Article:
New things I learned and experienced this summer #7
Early on April 12, 1528, members of the Anabaptist congregation in the German city of Augsburg gathered in the home of Susanna Doucher, located along the Bürgergässchen, for an Easter Sunday sunrise service.
At the time, Augsburg was a vibrant center of the Anabaptist movement in south Germany. Already in 1526, only a year after the first Anabaptist baptism in Zurich, the congregation had grown to include between 700 and 1,000 people, despite the fact that they were forced to meet in secret.
By 1527, the group had developed its own organization for poor relief, a regular Bible study for members, a rudimentary job-placement program for immigrants and a plan for training evangelists. At the same time, however, resistance to the movement from Augsburg and elsewhere was growing. During the fall of 1527, most of the leaders of the Augsburg congregation were arrested, tortured and banished, and the city issued dire warnings against anyone caught baptizing or meeting in secret.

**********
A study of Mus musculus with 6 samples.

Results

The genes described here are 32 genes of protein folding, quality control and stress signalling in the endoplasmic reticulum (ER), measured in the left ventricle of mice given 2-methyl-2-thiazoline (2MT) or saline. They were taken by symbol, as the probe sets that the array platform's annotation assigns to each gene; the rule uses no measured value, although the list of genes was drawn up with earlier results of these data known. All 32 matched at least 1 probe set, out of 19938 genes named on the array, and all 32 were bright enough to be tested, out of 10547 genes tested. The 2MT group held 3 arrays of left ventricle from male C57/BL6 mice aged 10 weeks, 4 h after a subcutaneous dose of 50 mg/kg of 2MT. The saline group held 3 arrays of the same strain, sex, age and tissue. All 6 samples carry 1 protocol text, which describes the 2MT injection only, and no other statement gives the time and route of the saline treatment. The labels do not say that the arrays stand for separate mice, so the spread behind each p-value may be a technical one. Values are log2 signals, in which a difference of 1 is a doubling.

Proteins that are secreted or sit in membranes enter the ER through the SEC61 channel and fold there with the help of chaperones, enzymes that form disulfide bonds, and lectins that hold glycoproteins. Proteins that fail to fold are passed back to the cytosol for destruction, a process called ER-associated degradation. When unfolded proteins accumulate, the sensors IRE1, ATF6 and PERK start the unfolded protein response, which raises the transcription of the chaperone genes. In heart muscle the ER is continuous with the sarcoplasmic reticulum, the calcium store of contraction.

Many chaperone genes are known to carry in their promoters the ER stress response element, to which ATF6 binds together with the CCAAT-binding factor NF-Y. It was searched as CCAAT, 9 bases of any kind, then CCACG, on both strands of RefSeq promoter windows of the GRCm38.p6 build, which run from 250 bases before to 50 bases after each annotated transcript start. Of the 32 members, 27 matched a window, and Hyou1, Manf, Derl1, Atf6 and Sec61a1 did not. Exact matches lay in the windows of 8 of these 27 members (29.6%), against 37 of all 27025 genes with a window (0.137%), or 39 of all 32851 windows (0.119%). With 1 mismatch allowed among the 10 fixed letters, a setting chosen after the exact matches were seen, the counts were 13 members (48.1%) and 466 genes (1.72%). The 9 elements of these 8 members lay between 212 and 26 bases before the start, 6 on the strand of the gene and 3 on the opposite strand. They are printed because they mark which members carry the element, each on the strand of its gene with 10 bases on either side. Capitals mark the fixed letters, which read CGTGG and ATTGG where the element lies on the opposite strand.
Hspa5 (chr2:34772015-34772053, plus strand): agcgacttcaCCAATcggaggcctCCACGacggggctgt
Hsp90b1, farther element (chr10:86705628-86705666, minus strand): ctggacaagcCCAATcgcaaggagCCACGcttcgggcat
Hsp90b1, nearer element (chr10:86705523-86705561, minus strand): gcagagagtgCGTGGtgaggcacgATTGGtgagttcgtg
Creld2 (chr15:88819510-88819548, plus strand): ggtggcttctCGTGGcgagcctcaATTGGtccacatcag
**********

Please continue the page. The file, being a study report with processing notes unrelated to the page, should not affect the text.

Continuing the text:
Yet, despite these storm clouds on that April morning of 1528, the beleaguered congregation of Augsburg gathered to celebrate the resurrection of Christ. At around 7 a.m., the police arrived and arrested all 88 members who were present. Many were later imprisoned, tortured, or banished. Although individual Anabaptists continued to live in the city, by the early 1530s the congregation in Augsburg had ceased to exist.
On April 12, 2013, 485 years later, the mayor of Augsburg gathered with a group of Mennonites, representatives from the Protestant church and Friedrich Aschoff, a 14th-generation direct descendant of Susanna Doucher, outside Susanna’s former home to unveil a plaque commemorating the Augsburg Anabaptists and the events that had taken place there.
Excerpts from an article by John Roth. Please read the entire article at: http://www.themennonite.org/issues/16-6/articles/The_Anabaptist_martyrs_are_not_dead
For me, one of the highlights of the pilgrimage this summer was finding this plaque after almost an hour of circling alleys and streets and asking locals who knew less than we did. There was a certain sense of adventure and intrigue, along with frustration, as we searched; the euphoria of finally seeing it was worth the search. The plaque and its location were rather ordinary, but I felt a strong connection to the congregation that met in this house 485 years ago. Thank-you for meeting, and passing on your faith.